Silly bundt cake

My friends and I wanted to watch “The Great Gastby” with Leonardo Dicaprio and I was tired of making cookies.

Tis the season to whip out my cathedral shaped bundt cake pan.

Those pans entertain me.

I love the novelty ones that are ridiculously gaudy. Because who doesn’t want to have a cake that looks like a circlet of Christmas trees?

Or a football arena?

So when I procured one from the great Nordicware brand, I was going for the absurd factor more than those pretty, scalloped edged, wavy lined or wreathlike bundt pans.

My bundt pan is shaped like a cathedral. I also have found out that a Star of David bundt pan exists.

Now when they make the  moon for Islam, I could have an Abrahamic religions set of three going.

My cathedral bundt cake  came with a tasty butterscotch cake recipe.

I  scoured the library for a bundt cake cookbook and found “Cake simple,” by Christie Matheson,  a cookbook that makes everything from bundt cake classics (like dark chocolate cake) to new zingy recipes (like Fuyu Persimmon) to mini bundts.

I have made their boozy chocolate cake with bourbon sauce before and the cranberry creme fraiche with positive results, so the book has become  my go to for bundt cake delight.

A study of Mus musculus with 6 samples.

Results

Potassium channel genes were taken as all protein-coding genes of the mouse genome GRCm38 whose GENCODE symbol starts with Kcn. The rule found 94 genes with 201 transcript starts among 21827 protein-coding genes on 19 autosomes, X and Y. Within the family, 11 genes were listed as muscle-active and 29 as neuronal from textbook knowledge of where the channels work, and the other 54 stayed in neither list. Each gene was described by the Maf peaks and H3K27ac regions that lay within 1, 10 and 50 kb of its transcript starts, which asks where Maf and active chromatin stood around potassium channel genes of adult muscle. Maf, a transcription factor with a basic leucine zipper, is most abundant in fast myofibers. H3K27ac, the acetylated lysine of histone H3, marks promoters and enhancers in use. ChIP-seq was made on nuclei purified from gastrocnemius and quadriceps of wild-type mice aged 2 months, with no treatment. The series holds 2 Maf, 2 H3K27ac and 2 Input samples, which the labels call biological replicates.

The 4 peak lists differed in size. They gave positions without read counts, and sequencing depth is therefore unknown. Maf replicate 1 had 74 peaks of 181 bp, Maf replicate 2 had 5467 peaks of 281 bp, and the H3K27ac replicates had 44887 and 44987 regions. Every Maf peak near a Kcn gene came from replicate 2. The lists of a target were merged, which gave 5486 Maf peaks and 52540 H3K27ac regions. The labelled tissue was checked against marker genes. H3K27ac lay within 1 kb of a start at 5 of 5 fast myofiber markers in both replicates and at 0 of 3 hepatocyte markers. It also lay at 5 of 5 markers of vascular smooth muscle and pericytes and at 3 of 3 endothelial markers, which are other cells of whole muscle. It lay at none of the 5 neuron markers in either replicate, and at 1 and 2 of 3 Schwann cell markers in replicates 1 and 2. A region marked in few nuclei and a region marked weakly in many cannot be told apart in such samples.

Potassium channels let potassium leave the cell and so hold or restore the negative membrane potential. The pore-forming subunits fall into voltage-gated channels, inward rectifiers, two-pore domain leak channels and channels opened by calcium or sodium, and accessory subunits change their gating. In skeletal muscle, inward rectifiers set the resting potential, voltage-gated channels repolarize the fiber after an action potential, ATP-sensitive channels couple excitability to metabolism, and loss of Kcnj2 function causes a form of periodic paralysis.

Though Gatsby day would call for boozy cake, I made something lighter keeping the day after Thanksgiving in mind.

I chose the marble cake, because I’ve never marbled cake better before, and I wanted chocolate and vanilla.

The key thing about bundt cake and good cake recipes in general is that the cake has enough moisture- No one likes a dry cake.

Most of the recipes in “Cake Simple” use creme fraiche or sour cream as their moisture agent. I found out these are not interchangeable  as I was looking online.

The marble cake called for creme fraiche and I only had sour cream from making green bean casserole for Thanksgiving.

Online suggested I used full fat yogurt, and I did have this in Greek style. Online also suggested I use heavy whipping cream as a substitute.

So I mixed 1 1/2 cups of yogurt with a 1/2 cup of heavy whipping cream.

The recipe  instructed I separate the batter in two, adding chocolate to one and then layer them in the cake pan.

It was difficult to use a knife to spread the batter around but the result was still appealing.

Spontaneous marble is not a bad thing either, because you can still get pretty patterns after it bakes.

Stephanie Landis

I am a native Oregonian, but traveling has been my way of life since I was young. I was raised in Europe and traveled around Asia and Africa. I've studied two languages and plan to add more. Along with travel, enjoying a passion for food, art and culture is apart of my daily life. My hobbies other than writing are cooking, reading, watching films and attending cultural events.